The Forestry Forum

General Forestry => Timber Framing/Log construction => Topic started by: billy_wizz on October 25, 2014, 02:44:36 PM

Title: first post and a couple of questions
Post by: billy_wizz on October 25, 2014, 02:44:36 PM
Hi there
    i found this site looking for information on timber frame building! Unfortunately as its near my birthday i'm on a book embargo but have two on my list! I'm planning a small wood shed to start with 8'wide 10' deep the shed will be 8' x 8' with a 2' covered porch! It will be built with softwood. My options at the minute are European larch and pine i believe it is radiata or scotts but will have to check! Doug fir/spruce and western red ceder(not sure if its the same as the one you refer to but grows quite fast in the uk) may be available at other times! I was thinking of 6"x 6" for the sils posts and beams using 4 corner posts!
I have access to a box operated stenner vertical bandmill to mill the timbers! sorry for the ramble now for the questions

1, How accurate does the box heart cut need to be, does the heart center need to run perfectly down the center of the beam and if not how much off center can it be before it causes real problems?

2, Of the timbers i have and will have which are the best to use and are there any that shouldn't be used?       

3, If the stub tenon locates the post to the sill how is it fixed to the sill as the stub tenon doesn't look long enough for a good peg hold?

many thanks peter
Title: Re: first post and a couple of questions
Post by: Jim_Rogers on October 25, 2014, 02:51:08 PM
Welcome to the Forestry forum timber framing section.

1) Within an 1 on a 6x6 would be ok. If you get way off center the timber may flex to one side.

2)Not sure about these types as they don't grow in my area. Check with carpenters fellowship members they should be able to tell you more.

3) gravity. Some people run metal straps down the outside of the post past the sill to the concrete foundation to get a secure hold down.


Keep asking questions.

Jim Rogers
Title: Re: first post and a couple of questions
Post by: Magicman on October 25, 2014, 08:33:55 PM
Welcome to the Forestry Forum, billy_wizz.   8)

Just curious, do you have any relatives with the name "Poston"?
Title: Re: first post and a couple of questions
Post by: billy_wizz on October 26, 2014, 06:14:02 AM
magicman i don't have have relatives by that name that i know to!

jim just to clarify if the cut runs from heart plum center one end to heart off by 1" the other end is that still ok as well?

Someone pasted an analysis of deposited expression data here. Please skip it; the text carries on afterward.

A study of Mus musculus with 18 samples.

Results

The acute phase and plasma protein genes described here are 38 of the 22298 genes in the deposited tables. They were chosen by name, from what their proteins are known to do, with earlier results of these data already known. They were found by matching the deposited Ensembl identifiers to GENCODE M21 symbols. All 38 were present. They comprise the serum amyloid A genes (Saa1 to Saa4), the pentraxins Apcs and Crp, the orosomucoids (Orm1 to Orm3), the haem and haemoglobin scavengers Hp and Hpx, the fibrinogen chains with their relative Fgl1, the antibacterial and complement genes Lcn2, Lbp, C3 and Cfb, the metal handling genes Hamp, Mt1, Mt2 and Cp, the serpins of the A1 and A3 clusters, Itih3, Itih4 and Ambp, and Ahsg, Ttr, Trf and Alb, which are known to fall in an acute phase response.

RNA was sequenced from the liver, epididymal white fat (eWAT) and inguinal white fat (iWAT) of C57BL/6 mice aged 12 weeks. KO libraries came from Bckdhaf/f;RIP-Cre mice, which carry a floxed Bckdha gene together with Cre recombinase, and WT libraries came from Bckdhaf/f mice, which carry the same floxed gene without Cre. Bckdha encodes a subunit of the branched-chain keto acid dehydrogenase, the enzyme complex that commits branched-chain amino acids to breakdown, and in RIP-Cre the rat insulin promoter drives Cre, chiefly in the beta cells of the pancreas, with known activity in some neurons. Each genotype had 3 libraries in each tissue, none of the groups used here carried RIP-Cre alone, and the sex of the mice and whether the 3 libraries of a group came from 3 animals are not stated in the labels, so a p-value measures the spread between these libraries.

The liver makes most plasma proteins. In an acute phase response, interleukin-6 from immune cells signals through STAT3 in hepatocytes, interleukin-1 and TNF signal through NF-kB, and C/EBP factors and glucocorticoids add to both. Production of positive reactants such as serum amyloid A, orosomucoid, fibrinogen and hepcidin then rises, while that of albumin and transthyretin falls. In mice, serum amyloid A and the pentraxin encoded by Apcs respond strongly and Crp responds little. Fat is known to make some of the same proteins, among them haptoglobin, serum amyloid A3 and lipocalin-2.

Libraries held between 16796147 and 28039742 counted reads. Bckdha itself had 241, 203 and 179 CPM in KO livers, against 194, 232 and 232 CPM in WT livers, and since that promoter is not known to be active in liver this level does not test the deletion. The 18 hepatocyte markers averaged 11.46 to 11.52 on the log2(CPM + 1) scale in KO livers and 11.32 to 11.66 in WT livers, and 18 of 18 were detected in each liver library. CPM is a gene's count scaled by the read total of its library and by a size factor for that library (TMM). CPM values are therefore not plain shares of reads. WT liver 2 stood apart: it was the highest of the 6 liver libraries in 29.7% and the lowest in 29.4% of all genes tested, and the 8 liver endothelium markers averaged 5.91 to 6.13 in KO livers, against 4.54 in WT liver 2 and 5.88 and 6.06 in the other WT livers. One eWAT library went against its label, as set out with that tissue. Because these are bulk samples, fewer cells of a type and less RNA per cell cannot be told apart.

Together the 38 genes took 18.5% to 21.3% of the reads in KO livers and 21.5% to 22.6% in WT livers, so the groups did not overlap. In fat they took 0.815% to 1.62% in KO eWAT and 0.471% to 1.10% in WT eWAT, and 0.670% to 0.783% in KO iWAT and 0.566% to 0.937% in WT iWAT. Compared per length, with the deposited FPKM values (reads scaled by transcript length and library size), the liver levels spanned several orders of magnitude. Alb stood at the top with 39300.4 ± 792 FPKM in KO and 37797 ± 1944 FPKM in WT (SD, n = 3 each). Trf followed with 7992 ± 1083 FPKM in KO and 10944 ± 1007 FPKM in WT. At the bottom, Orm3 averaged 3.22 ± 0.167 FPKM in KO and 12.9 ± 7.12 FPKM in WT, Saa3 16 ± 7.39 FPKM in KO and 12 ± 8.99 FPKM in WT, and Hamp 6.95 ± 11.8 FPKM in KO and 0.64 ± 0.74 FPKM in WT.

Title: Re: first post and a couple of questions
Post by: Jim_Rogers on October 26, 2014, 06:16:28 AM
jim just to clarify if the cut runs from heart plum center one end to heart off by 1" the other end is that still ok as well?
Yes, hearts can wander off center some, but not a lot.

Jim Rogers
Title: Re: first post and a couple of questions
Post by: Chilterns on October 26, 2014, 03:46:25 PM
Hi Billy,

You don't say where you are located in England but if your check out the Timber Framing (http://oxfordshirewoodlandgroup.co.uk/forum/?mingleforumaction=viewforum&f=22.0) section and the Timber Felling & Conversion (http://oxfordshirewoodlandgroup.co.uk/forum/?mingleforumaction=viewforum&f=14.0) section on the Oxfordshire Woodland Group web forum this will provide you with some ideas about what you can do with Oak, Doug Fir, European Larch & Western Red Cedar - all of which are good useable timber.

The North American practice of using stub tenons on post bottom is rarely seen in England with a 4 inch long pegged tenon being more normal practice.

Chilterns
Title: Re: first post and a couple of questions
Post by: Dave Shepard on October 26, 2014, 06:20:10 PM
Would those buildings have no floor systems? Like you said, over here we use stub tenons almost exclusively. In fact, I don't recall a pegged post bottom tenon in any old building that I've looked at.
Title: Re: first post and a couple of questions
Post by: Chilterns on October 27, 2014, 04:00:22 AM
Hi Dave,
Please check out some recent photographs taken by Jeremey Hunter on the
"Timber-Framing from Scratch" (http://oxfordshirewoodlandgroup.co.uk/forum/?mingleforumaction=viewtopic&t=278) course run by Joe Thompson at The Weald & Downland Open Air Museum.

On the second from last photo you will clearly see the correct cross sill to long sill and long sill to post pegged connections and configuration. Temporary tapered metal pegs have been used instead of wooden pegs and this makes it easier to see the location of the pegs. The tenons are nominally 4" long and the mortices between the sill to sill and post to sill are interconnected faciliating this joint to self drain of any rainwater ingress. The long sills are left with 4" horns that act as relish for the cross sill mortices.

Chilterns   
Title: Re: first post and a couple of questions
Post by: Heartwood on November 15, 2014, 10:18:25 AM
Stub tenons should only be used on a closed-in frame and if there is some other means of holding the frame down, such as sheathing or straps tying the posts to the sills and/or foundation. In an open building, such as a pavilion or woodshed, pegged tenons should be used as a minimum hold-down. If a big wind comes up on an open-building roof, gravity can't be relied upon to hold the frame down.